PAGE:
More than a century ago, Puerto Rico produced some of the world’s best coffee. But in recent decades, coffee production has declined. This U.S. territory features small farms, and labor has been scarce. The island has also struggled to compete with commercial coffee producers in Mexico, Colombia and Brazil.
But last year coffee production actually increased in Puerto Rico. It’s part of a growing movement to improve the quality of beans and rebuild the industry. The island’s government is providing incentives to boost production, including paying for items ranging from equipment to farm labor. Elena Biamon is part of that movement. She farms near Jajuya, a town in the island’s mountainous interior. She says, “More and more people are really into specialty coffee. And they’re conscious of having a good coffee quality.”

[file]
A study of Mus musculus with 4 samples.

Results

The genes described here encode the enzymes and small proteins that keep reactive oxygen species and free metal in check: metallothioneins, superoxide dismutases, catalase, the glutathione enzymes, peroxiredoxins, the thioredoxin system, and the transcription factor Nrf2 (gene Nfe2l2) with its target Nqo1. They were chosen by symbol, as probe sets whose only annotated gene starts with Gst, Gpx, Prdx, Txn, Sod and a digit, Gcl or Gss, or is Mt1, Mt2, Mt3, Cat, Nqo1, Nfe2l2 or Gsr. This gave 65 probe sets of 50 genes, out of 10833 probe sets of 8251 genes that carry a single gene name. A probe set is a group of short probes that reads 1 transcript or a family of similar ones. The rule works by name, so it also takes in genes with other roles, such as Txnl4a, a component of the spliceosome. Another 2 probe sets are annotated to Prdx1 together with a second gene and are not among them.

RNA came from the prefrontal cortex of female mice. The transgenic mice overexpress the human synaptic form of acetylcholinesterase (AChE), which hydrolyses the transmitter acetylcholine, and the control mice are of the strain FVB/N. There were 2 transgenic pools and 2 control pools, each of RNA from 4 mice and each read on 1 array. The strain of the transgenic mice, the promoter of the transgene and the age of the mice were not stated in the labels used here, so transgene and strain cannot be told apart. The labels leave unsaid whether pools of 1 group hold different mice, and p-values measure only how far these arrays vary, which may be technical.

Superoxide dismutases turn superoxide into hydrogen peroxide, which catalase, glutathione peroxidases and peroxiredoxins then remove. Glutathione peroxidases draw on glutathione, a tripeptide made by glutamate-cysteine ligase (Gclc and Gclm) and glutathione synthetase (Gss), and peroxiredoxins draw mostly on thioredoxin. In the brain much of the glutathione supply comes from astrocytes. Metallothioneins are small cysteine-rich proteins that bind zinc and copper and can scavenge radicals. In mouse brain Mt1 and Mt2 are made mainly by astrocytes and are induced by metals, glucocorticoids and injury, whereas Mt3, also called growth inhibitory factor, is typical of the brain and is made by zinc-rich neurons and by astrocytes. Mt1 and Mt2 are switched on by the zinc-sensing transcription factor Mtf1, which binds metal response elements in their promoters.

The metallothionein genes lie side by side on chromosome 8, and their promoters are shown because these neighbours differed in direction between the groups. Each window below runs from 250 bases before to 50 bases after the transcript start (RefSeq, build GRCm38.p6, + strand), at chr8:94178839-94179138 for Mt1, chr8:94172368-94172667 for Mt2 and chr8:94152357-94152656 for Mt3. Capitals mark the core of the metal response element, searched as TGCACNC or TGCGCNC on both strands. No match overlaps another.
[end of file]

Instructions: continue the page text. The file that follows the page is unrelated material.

Greg Allen (@gallennpr) and Marisa Penaloza (@MPenalozaNPR) write for NPR’s The Salt:
[Alfredo] Rodriguez is a grower with 60 acres of coffee in Maricao, on Puerto Rico’s western edge. He’s also a certified taster and cupping instructor, one of just 32 in the world, he says. His students learn how to identify and describe the characteristics of good coffee.
“Is it sweet, is it not sweet?” he explains to us. “Does it have a defect? The flavor is intense or is pale, low? All those type of things are what we’re looking for in the cupping.”
In his classes, Rodriguez has taught doctors, lawyers, engineers, recently even an airline pilot. They’re professionals who are now beginning second careers in the industry. Producers must learn to identify quality to raise good coffee — and to know when they’re doing something wrong, Rodriguez says, so they can fix it. That way, he says, ” they can get better scores for the coffee and better value for their coffee.”